Déjà un grand merci d'avoir accepté de te présenter.
Pour le reste, je trouve que tu as une hygiène de vie (hormis la clope peut être
) au top
Tu as également mis en place pas mal de chose.
Quand je pense à ton burn out, je me remémore aussi le fait que j'ai eu moi aussi un gros coup de mou au taff..et mes pbs ont commencé deux mois après.
Le stress et ses actions sur les hormones a forcément un impact.
Pour les brulures, il y a peu de solutions : la glace ou le chewing gum permet d'oublier (mais moi j'ai aussi des pbs de machoire donc difficulté pour machouiller)
Pour les aliments : le miel est parfois cité comme provoquant les brulures, le chocolat aussi
Le paradoxe : c 'est que pour traiter ce mal, on évoque de plus en plus la capsaicine comme traitement (c'est du piment !!)
certains utilisent du tabasco
j'en profite pour mettre ce lien qui peut t'intéresser..c'est en anglaishttps://www.organicfacts.net/home-remed ... ongue.html
En tout cas lit aussi les infos du site mere de ce forum.
J'espère que d'autres personnes te communiqueront leurs trucs et astuces...mais ce forum est souvent calme...trop.
Topical application of capsaicin (0.025% cream) has been used in BMS as a desensitizing agent and is thought to inhibit substance P. Reduced patient tolerance and increased toxicity limits its use in some patients. Trials have also been made on rinsing with 0.15% benzydamine hydrochloride, 3 times a day, having an analgesic, anesthetic, and anti-inflammatory effect, but with inconsistent results. Some other gets relieved from pain by using mouth rinse made of Tabasco sauce with water or alternatively one made of hot pepper and water in a dilution between 1:2 and 1:1. The topical application of clonazepam (by sucking a tablet of 1 mg), an agonist of gamma amino butyric acid receptors, 3 times a day for 14 days found some success in some.
The most commonly used local anesthetic agent, lidocaine was tried by few and they have not been shown as an effective treatment due to their short duration of analgesic action. Topical application of 0.5 ml Aloe vera gel at 70%, 3 times a day combined with tongue protector is found to be effective for reducing the burning and pain sensation of tongue. Topical lactoperoxidase (biotene mouthwash) and 5% doxepin were attempted and found to be ineffective.
Numerous studies have assessed systemic therapies for treating BMS with varied outcome. The use of tricyclic antidepressants such as amitriptyline, desipramine, imipramine, clomipramine and nortriptyline (starting dose of 5-10 mg/day and gradually increases to 50 mg/day) are useful in treating BMS. Some authors contraindicate these drugs in patient with dry mouth as they can worsen the condition.
Selective serotonin reuptake inhibitor antidepressants like sertraline (50 mg/day), paroxetine (20 mg/day) for 8 weeks, duloxetine at a dose of 30-60 mg/day, a dual action antidepressants that inhibit both serotonin and noradrenaline result in a significant improvement of oral burning sensation. Antipsychotics such as amisulpride, levosulpiride at a dose of 50 mg/day for 24 weeks proved to be effective and shows a better patient compliance when used in short duration.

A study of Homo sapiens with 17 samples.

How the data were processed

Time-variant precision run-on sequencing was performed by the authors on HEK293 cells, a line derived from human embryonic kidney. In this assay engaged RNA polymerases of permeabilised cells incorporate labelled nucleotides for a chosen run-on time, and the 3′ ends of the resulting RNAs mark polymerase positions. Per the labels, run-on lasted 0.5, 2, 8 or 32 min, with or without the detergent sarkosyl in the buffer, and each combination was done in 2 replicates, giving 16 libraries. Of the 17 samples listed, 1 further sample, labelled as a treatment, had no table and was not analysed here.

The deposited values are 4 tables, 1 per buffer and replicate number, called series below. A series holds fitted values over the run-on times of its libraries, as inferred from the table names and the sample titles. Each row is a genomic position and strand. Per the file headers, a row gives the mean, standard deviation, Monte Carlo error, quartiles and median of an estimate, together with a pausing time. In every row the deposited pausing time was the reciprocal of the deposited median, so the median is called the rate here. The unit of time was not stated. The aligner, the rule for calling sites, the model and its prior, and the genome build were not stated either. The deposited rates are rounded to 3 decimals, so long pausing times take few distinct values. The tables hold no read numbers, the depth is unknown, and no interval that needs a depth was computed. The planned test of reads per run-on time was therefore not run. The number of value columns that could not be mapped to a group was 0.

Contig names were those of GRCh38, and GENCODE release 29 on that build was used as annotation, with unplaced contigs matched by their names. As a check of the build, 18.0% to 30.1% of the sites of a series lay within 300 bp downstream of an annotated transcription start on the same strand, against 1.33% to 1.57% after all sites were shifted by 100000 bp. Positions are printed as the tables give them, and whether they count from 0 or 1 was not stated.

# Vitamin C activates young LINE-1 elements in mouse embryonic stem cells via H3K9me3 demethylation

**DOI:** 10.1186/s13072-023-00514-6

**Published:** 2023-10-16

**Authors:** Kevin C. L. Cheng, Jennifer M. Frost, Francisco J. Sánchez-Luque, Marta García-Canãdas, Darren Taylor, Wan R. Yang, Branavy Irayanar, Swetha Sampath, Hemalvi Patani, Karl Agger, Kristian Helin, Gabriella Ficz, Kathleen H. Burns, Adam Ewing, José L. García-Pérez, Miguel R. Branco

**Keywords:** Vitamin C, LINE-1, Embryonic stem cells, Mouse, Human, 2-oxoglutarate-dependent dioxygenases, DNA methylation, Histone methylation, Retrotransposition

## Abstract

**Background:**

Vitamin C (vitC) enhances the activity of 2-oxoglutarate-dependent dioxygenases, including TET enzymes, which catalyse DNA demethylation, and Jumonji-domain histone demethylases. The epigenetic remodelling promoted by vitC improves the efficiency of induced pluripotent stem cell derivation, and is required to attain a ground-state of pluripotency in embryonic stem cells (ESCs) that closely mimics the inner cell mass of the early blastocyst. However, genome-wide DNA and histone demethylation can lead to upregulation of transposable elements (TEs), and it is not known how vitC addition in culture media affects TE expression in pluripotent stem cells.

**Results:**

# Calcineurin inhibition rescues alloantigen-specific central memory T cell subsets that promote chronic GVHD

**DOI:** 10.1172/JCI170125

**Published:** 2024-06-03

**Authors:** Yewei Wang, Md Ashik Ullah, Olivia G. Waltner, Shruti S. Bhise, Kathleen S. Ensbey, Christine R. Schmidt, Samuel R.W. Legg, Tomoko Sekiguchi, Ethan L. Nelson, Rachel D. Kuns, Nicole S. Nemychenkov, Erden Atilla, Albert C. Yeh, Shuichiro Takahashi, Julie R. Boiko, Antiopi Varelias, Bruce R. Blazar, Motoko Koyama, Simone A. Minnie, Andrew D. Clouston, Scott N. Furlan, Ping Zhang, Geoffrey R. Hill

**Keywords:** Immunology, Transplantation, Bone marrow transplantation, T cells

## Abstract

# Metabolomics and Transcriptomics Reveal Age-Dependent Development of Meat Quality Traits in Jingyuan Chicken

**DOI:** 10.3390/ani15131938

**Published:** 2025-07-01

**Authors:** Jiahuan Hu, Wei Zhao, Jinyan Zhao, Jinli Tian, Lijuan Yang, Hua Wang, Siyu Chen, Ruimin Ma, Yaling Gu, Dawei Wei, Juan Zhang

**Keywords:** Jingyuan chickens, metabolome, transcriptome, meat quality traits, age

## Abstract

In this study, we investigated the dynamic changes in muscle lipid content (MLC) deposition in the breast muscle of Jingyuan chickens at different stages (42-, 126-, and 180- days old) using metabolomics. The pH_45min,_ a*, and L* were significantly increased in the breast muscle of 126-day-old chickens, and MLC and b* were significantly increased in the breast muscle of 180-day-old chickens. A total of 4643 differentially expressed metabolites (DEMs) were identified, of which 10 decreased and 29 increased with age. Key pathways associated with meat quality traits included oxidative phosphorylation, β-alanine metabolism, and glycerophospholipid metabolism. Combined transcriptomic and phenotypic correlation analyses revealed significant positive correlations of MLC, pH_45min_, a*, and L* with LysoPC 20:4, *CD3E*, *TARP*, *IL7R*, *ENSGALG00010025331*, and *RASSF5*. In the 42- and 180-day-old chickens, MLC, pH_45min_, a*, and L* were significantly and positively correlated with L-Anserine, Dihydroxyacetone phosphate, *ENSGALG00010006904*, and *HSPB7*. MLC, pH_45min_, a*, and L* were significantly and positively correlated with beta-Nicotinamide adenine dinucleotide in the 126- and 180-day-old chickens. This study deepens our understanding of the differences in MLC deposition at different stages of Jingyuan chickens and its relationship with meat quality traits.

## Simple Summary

Alpha-lipoic acid (ALA) at a dose of 600 mg/day, either alone or in combination for 2 months, acts as an antioxidant and a powerful neuroprotective agent that prevents nerve damage by free radicals, regenerating other antioxidants such as vitamin C and E, able to increase the intracellular levels of glutathione, thereby significantly reduces the symptoms in patients with idiopathic dysgeusia. Patients undergoing ALA therapy must be advised concomitant gastric protection medication.
Systemic capsaicin (0.25% capsules, 3 times a day, for 1 month) proves to be effective in reducing pain intensity. However, it should be used cautiously as it results in gastric pain in some individuals. Benzodiazepines at low doses are useful in patients with anxiety disorders. Clonazepam (0.5 mg/day) and alprazolam (0.25 mg to 2 mg/day) are commonly used in the treatment of BMS pain and it acts by probably disrupting the underlying neuropathologic mechanism.
Supplementation with vitamin BC capsules, B12, folic acid and minerals like iron, zinc can significantly lower the mean serum homocysteine level and boost up the blood hemoglobin level with reported complete remission of oral symptoms.
Hormone replacement therapy (conjugated estrogens like premarin, 0.625 mg/day for 21 days and medroxyprogesterone acetate like farlutal, 10 mg/day from day 12 through day 21, for three consecutive cycles) can relieve oral burning symptoms and improved cytologic features, especially in peri- and post-menopausal women.
Cognitive behavior therapy has been beneficiary in some individuals. Successful treatment of BMS patients with combined psychotherapy and psychopharmacotherapy has also been reported.
Burning mouth syndrome is a painful and often frustrating condition to the patients. The exact cause of BMS often is difficult to pinpoint and is probably of multifactorial origin and may be idiopathic. The etiopathogenesis of BMS seems to be complex. Diagnosis and management of BMS is not an easy task for oral health care professionals. A thorough understanding of the etiology and psychological impact of this disorder, combined with novel pharmacological interventions is required for better management.